How Could Buying a Home Affect Your Credit Scores?
Many homeowners are very focused their credit before they purchase a home. And rightly so. A good credit score can help you get favorable loan terms and having good credit could be most important when you’re applying for a large loan, such as a mortgage.
However, homeowners shouldn’t forget about their credit after the move. Good credit could help you take out a personal loan for renovations or get 0-percent financing offers for appliances and furniture. Continuing to work on your credit could also help you qualify for a lower-rate mortgage if you want to refinance your mortgage later.
With that in mind, here’s an overview of how taking out a mortgage can impact your credit scores.
Taking out a mortgage could lower your credit scores
A mortgage is a type of installment loan — a loan that you repay with periodic installment payments over a predetermined amount of time. Opening a new installment loan (mortgage or otherwise) could hurt your scores in several ways:
- New hard inquiries. When you apply for a loan and creditors check your credit reports, a record of that credit check gets added to your credit reports. Hard inquiries can lower credit scores by a few points, although scores often rebound within a few months.
- A lower average age of accounts. Opening a new account will lower the average age of the accounts on your credit reports. Having a higher average age of accounts is generally better for your credit scores. Fortunately, this is a relatively small factor in determining credit scores. The mortgage account will also age as time goes by, which could help your scores.
- A large installment loan balance. When you first take out your mortgage, you’ll owe the full loan amount. Having a “maxed out” installment loan could hurt your credit scores, although it’s not a major scoring factor. On the other hand, maxing out credit cards can have a big negative impact on scores.
In general, a mortgage may slightly lower your credit scores. However, the drop could be temporary. You may notice your scores start to rise and even surpass where they were before you took out a mortgage, if there aren’t any new negative marks on your credit reports.
The good news — a mortgage can also help your scores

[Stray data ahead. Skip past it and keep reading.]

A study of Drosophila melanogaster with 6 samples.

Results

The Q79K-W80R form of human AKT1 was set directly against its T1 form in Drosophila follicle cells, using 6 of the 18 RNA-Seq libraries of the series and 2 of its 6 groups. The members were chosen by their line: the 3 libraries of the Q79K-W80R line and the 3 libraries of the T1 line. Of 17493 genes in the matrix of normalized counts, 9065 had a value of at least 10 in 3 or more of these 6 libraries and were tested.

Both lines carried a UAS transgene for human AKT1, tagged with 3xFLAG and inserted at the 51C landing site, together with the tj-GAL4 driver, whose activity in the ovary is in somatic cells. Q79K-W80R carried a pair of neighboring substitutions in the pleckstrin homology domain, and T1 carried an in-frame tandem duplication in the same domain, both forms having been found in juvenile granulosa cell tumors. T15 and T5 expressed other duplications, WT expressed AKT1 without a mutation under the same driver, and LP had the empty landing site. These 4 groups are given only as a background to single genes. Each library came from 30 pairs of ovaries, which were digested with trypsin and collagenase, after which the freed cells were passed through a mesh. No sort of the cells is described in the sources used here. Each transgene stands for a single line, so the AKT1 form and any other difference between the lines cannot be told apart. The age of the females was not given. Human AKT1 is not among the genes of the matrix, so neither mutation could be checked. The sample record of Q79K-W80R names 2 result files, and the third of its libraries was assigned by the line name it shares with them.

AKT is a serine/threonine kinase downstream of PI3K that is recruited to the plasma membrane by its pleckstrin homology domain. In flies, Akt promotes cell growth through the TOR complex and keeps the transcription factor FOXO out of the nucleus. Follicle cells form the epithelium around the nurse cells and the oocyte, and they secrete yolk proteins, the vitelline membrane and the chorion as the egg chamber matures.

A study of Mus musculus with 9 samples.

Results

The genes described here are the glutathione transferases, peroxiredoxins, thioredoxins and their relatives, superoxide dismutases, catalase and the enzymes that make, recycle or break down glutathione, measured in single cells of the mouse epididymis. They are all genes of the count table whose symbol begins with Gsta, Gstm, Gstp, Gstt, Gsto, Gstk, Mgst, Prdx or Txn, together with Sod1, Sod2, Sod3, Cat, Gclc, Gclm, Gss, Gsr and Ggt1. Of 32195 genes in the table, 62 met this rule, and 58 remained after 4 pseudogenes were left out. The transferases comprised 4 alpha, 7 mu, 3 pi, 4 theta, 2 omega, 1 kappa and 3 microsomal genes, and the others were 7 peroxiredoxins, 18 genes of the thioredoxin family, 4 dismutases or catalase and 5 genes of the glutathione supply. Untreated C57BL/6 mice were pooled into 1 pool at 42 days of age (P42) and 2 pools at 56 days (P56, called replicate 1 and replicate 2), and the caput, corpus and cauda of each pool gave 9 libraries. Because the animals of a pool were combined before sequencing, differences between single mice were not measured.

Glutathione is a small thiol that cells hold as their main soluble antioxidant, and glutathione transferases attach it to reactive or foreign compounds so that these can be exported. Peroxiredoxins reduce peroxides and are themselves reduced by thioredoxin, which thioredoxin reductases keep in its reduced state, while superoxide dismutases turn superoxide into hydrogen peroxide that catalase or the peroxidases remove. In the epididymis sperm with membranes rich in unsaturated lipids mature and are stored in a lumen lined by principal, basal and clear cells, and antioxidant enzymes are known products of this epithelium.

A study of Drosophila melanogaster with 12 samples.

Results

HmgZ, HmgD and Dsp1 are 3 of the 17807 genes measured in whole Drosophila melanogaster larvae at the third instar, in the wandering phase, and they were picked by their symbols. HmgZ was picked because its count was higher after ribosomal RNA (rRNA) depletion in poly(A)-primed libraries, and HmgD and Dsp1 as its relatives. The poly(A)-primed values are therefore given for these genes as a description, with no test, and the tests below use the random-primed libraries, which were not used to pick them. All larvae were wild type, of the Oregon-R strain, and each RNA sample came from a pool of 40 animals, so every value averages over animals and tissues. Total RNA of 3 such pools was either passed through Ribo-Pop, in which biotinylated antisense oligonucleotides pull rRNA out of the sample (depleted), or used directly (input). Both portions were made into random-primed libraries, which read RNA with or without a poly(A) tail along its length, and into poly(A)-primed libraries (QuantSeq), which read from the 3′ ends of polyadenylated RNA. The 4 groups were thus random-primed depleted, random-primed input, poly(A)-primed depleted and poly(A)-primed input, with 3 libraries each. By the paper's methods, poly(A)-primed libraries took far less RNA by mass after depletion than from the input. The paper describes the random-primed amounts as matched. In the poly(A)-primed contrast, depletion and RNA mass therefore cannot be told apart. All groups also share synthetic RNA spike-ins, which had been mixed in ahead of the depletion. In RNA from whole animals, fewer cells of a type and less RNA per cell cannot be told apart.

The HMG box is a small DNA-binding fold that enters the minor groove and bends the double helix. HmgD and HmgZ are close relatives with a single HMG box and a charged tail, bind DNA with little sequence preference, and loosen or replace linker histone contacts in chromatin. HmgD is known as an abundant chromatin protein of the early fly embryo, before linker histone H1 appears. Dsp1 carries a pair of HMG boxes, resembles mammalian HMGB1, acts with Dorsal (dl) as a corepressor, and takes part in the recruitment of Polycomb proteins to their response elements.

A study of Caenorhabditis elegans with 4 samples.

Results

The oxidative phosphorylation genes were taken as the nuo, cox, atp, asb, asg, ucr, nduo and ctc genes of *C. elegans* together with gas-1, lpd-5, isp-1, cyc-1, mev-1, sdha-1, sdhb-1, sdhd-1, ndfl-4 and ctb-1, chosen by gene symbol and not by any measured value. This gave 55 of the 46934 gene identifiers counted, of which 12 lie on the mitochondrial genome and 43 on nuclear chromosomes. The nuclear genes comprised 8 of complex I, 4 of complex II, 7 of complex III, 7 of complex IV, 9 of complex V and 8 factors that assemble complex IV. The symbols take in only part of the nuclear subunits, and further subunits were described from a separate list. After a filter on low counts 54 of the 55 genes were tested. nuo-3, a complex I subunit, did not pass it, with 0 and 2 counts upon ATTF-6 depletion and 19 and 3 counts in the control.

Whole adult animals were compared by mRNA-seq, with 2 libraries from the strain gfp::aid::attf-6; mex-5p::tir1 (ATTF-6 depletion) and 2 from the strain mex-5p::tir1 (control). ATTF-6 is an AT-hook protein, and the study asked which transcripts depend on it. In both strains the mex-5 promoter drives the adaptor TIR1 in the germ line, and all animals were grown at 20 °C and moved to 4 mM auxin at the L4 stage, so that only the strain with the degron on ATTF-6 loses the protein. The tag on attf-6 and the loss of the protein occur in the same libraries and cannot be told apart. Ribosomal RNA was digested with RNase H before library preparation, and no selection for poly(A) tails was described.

Credit scoring formulas are complicated and filled with nuance, and a mortgage can hurt and help your scores at the same time (but in different ways). Here are a few of the positives associated with taking out a mortgage:
- May increase your credit mix. Having a mix of different types of credit accounts could be good for your credit scores. If you aren’t already repaying an installment loan, such as an auto loan, mortgage, or student loan, then taking out a mortgage could add to your credit mix.
- Could add positive payment history to your credit reports. As you start to repay your mortgage, each on-time payment can help you create a history of positive payment activity in your credit reports. Your payment history is one of the most significant credit scoring factors and having multiple accounts with a long history of on-time payments is important if you want excellent credit.
Credit scores aside, a mortgage could impact your creditworthiness
Credit scores and creditworthiness sometimes get used interchangeably, but they’re not the same thing. A lender wants to know that you can afford to and are willing to repay the money you borrow. While a credit score can help determine this, creditors often look at a variety of factors before approving a new loan or credit card.
You likely already experienced this during the mortgage application process when you had to share details about your bank accounts balances, income, and expenses.
Although a mortgage application can be one of the most rigorous types of credit applications, other creditors will ask about your income and debts. Now that you have a monthly mortgage payment, that will become part of the equation.
You might be considered less creditworthy if your mortgage payments are higher than your previous rent payments because a larger portion of your income is going to your monthly payments.
What to do (and not do) after the move
If you got approved for a mortgage, you might already have a fair or good credit score — many types of mortgages required a credit score of at least 580 or 640. Implementing good credit habits could help you maintain your score or get into the excellent credit range.
- Don’t open too many new accounts. You may want to start furnishing your new home and take out loans or open retail cards. While another new account or two could help you save money if there’s a good financing offer, opening a lot of new accounts could lower your scores.
- Don’t charge everything. If you already have credit cards, you might be tempted to charge all your new purchases. However, if you can’t afford to pay the bill in full, you could wind up paying lots of interest on your credit card balances. Plus, carrying a balance can increase your utilization rate, which may lower your scores.
- Do keep paying bills on time. Moving can be stressful and overwhelming, but try not to lose track of your bills and miss a payment because late payments can hurt your credit scores. Continuing to pay all your bills on time, even if you can only afford minimum payments on credit cards, could help you build a positive credit history.
An initial drop in credit scores isn’t uncommon when someone applies for and opens a new account. However, positive credit habits, such as paying bills on time and keeping a low balance on credit cards, can offset the drop and help your credit scores and creditworthiness in the long run.